The second full day of screenings at the Tribeca Film Festival covered a typically wide gamut, from the launch of the Tribeca/ESPN Sports Film Festival with the basketball-themed documentary "Benji" to the debut of the no-doubt classy "Eddie – The Sleepwalking Cannibal" to an open-air "Tribeca Drive-In" screening of the '80s classic "The Goonies."
Buyers, meanwhile, talked appreciatively about a handful of films, including documentaries about Morton Downey Jr. and an aspiring Filipino rock star who became the new lead singer of Journey after posting a video on YouTube.
But Friday at Tribeca was also a day for actresses to shine. A morning press-and-industry screening of "Take This Waltz," a drama from Canadian actress-turned-director Sarah Polley that has been making the festival rounds since Toronto last September, supplied additional proof that Michelle Williams is an extraordinary actress, able to cut through even problematic material with startling depth and honesty.
Polley's film has plenty of light moments in its depiction of a married couple played by Williams and Seth Rogen, but it’s dour to a fault; just when you think it's heading for a gentle but satisfying conclusion, it takes a dark turn to hammer home the idea that everyone's life has holes in it, and nobody is ever really going to be happy.
Williams, though, creates a character that feels alive and rich and achingly, crushingly real. We hardly need to be reminded how good she is after back-to-back Oscar nominations for "Blue Valentine" and "My Week With Marilyn," but her raw and bold performance in "Take This Waltz" (which will almost certainly be rated NC-17 if Magnolia submits it to the MPAA) is a potent reminder nonetheless.
Elizabeth McGovern, meanwhile, stood in for the rest of the largely-female cast of the period film "Cheerful Weather for the Wedding," the kind of manor-set comedy-drama mixture that Tribeca Enterprises' chief creative officer Geoff Gilmore said "the British do better than anyone" when he introduced the film at its premiere.
Donald Rice, the director of the film about wedding-day misadventures and buried secrets, introduced McGovern and said she'd had an eventful trip from her home in England: "She lost her luggage, which was mistaken for Dame Judi Dench's luggage."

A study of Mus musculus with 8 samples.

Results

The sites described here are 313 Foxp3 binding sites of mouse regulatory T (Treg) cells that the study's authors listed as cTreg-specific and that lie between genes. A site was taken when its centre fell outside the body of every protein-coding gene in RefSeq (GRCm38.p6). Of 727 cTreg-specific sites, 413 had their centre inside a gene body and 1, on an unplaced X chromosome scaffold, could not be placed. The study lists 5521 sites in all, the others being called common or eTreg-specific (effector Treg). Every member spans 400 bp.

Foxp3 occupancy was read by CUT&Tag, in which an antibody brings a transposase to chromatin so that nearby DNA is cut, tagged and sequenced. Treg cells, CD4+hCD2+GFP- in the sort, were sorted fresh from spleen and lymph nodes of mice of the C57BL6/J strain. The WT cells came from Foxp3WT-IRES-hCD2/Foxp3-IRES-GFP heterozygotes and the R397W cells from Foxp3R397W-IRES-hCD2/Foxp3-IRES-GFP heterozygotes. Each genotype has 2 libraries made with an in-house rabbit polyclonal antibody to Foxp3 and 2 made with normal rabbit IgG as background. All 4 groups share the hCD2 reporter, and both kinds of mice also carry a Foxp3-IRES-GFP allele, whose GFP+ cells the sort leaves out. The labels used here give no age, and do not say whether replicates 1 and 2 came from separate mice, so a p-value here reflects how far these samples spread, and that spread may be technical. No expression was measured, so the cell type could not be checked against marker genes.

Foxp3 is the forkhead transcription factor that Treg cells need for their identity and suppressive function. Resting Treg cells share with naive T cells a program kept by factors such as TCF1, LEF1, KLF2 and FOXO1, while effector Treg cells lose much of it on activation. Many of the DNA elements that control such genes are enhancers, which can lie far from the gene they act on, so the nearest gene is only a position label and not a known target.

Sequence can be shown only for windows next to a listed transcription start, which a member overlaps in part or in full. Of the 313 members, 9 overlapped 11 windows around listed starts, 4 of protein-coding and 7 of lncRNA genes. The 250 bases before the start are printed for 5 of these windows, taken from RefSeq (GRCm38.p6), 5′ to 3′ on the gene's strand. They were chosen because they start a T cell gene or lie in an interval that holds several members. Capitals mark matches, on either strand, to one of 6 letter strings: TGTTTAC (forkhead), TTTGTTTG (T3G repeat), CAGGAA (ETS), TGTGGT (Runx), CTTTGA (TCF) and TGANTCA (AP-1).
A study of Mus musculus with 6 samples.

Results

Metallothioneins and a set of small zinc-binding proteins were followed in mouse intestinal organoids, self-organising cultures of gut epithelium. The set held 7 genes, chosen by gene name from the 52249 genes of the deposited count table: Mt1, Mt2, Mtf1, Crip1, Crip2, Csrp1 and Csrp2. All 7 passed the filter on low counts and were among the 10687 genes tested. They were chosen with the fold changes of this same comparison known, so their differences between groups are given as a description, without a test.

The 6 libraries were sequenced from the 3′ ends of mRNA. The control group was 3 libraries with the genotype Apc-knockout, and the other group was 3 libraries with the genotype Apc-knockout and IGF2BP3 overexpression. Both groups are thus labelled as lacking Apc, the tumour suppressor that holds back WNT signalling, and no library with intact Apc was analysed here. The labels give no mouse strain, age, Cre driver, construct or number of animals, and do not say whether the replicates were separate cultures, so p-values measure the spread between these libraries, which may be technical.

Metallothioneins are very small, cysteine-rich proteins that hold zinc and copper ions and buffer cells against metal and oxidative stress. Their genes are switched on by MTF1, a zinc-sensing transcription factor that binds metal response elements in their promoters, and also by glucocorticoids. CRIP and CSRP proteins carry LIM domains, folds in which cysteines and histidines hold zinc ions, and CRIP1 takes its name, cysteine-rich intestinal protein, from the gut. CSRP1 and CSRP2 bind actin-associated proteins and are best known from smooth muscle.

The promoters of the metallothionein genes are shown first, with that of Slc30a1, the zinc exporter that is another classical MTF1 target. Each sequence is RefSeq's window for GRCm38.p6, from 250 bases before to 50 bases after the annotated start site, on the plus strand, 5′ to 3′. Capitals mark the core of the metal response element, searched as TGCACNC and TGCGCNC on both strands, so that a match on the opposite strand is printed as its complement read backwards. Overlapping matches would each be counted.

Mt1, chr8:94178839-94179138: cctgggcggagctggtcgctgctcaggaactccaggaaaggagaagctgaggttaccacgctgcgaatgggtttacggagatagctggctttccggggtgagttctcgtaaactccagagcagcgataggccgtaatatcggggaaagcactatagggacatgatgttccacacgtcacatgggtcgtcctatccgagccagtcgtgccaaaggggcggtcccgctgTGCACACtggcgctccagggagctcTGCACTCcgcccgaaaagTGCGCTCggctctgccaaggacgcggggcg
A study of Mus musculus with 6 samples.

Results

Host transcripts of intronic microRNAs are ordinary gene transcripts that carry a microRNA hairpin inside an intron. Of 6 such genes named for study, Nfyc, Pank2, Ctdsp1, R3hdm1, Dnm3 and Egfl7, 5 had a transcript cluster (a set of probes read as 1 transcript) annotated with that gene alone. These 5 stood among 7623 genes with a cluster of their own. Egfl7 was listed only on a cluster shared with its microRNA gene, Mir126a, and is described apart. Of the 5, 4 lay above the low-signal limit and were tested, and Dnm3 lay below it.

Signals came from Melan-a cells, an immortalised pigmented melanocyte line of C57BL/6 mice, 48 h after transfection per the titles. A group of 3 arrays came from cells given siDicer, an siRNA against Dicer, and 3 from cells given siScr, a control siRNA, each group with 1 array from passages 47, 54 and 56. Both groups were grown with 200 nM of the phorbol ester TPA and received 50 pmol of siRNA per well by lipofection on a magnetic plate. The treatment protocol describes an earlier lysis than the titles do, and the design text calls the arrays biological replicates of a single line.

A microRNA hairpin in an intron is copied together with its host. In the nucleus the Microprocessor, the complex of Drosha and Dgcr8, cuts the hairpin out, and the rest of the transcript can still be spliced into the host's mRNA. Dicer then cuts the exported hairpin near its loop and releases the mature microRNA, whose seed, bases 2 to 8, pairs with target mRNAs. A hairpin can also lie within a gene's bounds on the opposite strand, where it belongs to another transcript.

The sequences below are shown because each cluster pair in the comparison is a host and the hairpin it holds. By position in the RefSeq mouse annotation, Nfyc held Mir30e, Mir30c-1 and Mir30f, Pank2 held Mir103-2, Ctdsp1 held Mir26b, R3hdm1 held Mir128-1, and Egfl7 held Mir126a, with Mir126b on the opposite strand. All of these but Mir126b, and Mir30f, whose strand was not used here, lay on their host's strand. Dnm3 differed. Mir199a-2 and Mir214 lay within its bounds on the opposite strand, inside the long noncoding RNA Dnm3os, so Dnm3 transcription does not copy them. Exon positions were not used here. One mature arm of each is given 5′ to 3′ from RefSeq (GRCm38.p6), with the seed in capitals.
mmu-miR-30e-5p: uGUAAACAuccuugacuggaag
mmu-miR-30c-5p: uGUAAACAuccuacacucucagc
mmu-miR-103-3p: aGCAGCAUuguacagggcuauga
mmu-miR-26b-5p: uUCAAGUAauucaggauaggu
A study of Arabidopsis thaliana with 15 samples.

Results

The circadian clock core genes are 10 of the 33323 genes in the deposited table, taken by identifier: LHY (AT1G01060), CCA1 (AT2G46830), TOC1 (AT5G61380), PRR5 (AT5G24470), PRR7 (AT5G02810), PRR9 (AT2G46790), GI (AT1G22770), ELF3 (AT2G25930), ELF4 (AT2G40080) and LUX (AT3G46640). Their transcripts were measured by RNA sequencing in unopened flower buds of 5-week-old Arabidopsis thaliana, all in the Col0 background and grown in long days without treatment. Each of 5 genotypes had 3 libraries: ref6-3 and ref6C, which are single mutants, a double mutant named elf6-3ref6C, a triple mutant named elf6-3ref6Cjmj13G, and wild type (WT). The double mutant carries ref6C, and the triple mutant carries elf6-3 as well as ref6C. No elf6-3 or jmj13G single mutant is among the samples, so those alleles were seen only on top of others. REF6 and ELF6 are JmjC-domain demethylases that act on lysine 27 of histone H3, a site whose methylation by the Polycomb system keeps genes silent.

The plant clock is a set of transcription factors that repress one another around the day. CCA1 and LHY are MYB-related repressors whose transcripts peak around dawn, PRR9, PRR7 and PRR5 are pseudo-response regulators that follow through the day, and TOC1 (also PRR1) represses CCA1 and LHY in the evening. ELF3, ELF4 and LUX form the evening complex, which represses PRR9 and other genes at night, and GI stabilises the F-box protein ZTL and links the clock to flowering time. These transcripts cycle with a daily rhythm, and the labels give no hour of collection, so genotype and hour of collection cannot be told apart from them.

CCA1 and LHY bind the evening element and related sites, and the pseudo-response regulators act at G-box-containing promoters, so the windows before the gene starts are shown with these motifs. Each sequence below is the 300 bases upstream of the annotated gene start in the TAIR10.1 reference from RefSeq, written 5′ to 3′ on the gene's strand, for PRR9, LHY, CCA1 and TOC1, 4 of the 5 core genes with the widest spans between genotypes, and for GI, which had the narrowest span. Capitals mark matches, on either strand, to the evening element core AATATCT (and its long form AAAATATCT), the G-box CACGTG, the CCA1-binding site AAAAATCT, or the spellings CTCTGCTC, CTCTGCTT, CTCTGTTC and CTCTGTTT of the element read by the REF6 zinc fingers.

(If that's true, one imagines that the short black dress and red heels that McGovern was sporting did not come from Dame Judi's suitcase.)
But the actress whose star shone brightest on Friday at Tribeca was clearly Abbie Cornish (right), whose startling performance in David Riker's drama "The Girl" drew raves even from those who felt the film itself pulled too many punches in its tale of a poor Texas mother drawn into smuggling a carload of Mexicans across the border into Texas.
Cornish is understated but wrenching in her portrayal of a woman who sees no way out of debilitating poverty, and no way to regain custody of her young son. She says half of her lines in a Southern drawl and the other half in Spanish, a language she didn't speak before landing the movie – and when the Australian-born actress got up onstage at the end of the film to answer questions, her natural Aussie accent just emphasized how out of her element Cornish must have been.
"This was the most intense, beautiful and collaborative filmmaking experience I've ever had," said Cornish after the screening. " … [The film] has a heartbeat, it has a soul."
As impressive as Cornish is in "The Girl," though, most of the talk at the post-screening Q&A turned to a much younger actress: nine-year-old Maritza Santiago Hernandez, who the filmmakers found in a small village in the state of Oaxaca, in southwestern Mexico.
"There's no film industry to bring the girls to you – you have to go find them," said producer Paul Mezey of the casting search, which he said included looking at 3,000 girls in 60 villages.
"She knew every single word in the entire script," said Cornish of her young co-star, who had never acted before and has no ambitions to continue. "It was intimidating."
Hernandez did not make the trip to New York for the movie's premiere, but she still dominated the conversation – meaning that on a day when the women of Tribeca took center stage, a little girl stole the show.